According to the Guardian, Republican front runner Donald Trump has a less than favorable outlook from foreign countries, including China. One of the largest trade partners of the U.S., China has become an interesting talking point for Trump, who has expressed anxiety over the rather large trade deficit that exists between the two countries.

As it turns out, a survey conducted by the Pew Research Center revealed that Trump is not alone in his trepidation. Both American and Chinese citizens have surprising opinions of their counterparts across the Pacific. There is considerable variability on either side of the equation, of course, but as the U.S. presidential election heats up, perhaps Pew's findings will bolster Chinese-American relations as a major issue.

Here's what the survey found:

Lukewarm attitudes
In a 2015 poll, American and Chinese citizens were asked about their opinions of the other country. It's worth noting that this pertains to economic and political relationships, not things related to culture or more intimate ties. Regardless, the results were tepid at best.

Just 38 percent of Americans reported having a favorable view of China. Pew found that worldwide, 55 percent of people across 39 countries have a positive opinion of the People's Republic. On the other side of the coin, 44 percent of Chinese respondents gave the U.S. an enthusiastic review, compared to a global median of 69 percent.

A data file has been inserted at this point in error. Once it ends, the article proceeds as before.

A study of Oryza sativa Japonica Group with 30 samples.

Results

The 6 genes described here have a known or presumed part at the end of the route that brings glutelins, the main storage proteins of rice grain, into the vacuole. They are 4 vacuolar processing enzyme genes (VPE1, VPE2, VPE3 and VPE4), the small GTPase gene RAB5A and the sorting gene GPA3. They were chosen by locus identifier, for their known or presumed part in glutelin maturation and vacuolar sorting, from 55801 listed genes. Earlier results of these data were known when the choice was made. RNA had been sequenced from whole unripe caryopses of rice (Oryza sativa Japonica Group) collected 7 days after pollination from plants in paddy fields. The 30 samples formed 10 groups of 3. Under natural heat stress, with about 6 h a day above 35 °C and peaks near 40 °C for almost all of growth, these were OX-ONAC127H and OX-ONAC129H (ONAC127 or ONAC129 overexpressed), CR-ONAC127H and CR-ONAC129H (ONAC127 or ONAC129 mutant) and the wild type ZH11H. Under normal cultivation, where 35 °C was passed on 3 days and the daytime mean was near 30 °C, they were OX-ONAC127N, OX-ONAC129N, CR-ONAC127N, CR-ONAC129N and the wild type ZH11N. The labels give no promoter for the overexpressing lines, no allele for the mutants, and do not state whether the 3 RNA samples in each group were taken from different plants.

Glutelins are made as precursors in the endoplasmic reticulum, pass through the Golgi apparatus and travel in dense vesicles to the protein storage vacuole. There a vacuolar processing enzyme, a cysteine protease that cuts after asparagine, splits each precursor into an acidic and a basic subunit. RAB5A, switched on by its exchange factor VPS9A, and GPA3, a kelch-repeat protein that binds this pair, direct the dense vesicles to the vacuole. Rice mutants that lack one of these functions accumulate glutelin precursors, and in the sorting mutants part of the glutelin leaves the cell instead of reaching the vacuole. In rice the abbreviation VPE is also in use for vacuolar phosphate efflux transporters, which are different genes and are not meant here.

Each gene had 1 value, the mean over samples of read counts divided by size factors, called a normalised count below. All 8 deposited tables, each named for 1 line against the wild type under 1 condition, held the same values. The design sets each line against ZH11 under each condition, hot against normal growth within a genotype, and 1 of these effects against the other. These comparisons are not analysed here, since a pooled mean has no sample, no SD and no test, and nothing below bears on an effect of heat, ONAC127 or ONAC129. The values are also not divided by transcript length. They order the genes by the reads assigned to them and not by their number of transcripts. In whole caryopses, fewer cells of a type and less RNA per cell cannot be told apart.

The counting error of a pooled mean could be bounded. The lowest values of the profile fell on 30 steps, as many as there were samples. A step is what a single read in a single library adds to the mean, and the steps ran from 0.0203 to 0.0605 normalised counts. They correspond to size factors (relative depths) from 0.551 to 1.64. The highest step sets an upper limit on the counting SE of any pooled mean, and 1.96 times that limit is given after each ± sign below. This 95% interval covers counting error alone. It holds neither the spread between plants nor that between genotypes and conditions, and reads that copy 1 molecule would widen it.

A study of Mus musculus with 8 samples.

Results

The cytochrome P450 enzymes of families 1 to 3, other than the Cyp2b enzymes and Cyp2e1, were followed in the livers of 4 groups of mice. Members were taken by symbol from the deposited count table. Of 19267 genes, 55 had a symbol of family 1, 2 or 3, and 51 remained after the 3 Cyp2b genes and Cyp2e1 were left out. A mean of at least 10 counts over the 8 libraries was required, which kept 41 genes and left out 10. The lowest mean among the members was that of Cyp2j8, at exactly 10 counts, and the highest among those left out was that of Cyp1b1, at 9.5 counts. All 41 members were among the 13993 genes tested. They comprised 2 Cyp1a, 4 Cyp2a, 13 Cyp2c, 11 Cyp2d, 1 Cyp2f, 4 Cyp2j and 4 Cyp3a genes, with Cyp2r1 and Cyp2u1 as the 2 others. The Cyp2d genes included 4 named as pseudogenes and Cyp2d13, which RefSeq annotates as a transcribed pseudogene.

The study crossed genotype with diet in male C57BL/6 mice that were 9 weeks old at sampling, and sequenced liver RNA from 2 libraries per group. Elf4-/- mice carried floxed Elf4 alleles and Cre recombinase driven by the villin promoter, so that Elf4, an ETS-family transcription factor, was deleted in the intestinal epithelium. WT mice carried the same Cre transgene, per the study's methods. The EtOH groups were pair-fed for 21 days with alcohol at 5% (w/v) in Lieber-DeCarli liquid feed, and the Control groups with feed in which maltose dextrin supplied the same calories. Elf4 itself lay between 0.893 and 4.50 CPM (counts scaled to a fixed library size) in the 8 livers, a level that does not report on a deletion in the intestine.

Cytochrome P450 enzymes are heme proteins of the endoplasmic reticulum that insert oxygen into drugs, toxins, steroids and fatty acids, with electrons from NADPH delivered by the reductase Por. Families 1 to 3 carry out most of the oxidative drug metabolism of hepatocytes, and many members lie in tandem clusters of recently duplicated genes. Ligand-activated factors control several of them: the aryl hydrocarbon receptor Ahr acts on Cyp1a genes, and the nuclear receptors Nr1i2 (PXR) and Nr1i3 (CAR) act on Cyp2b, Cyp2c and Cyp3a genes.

When these results are broken down by age group, however, a new trend becomes clear. For young people in both countries, over half of those polled under the age of 30 had a positive outlook for the other country. In adults 50 years or older, however, less than a third of respondents had a positive view  of China or the U.S.

Economic concerns
Americans reported being most worried about problems relating to cyber security, human rights issues and the economy. Bloomberg stated that China owns over $1 trillion in bonds, securities and other future holdings, and though anxieties around this issue may be overblown, this massive pile of debt was listed as the top concern for adults in the U.S. For individuals worried about any personal debt or financial woes, taking paid surveys online is an easy and secure way to earn money at home.

Chinese adults, meanwhile, believe that the U.S. is working to limit their country's influence and economic prowess. Over half of all respondents in China stated that they believe that the American government is preventing China from becoming a leading super power. Regardless, two-thirds of Chinese individuals polled said that the country has or will surpass the U.S. in global influence.

Whether or not the U.S. government is in fact engaged in any such efforts, 46 percent of Americans stated that they believe that China is en route to surpass the country as the world's largest super power if it hasn't already.  

That being said, 48 percent of adults in the U.S. believe that China will never be able to equal or pass American influence around the world. Just 16 percent of Chinese respondents had the same opinion.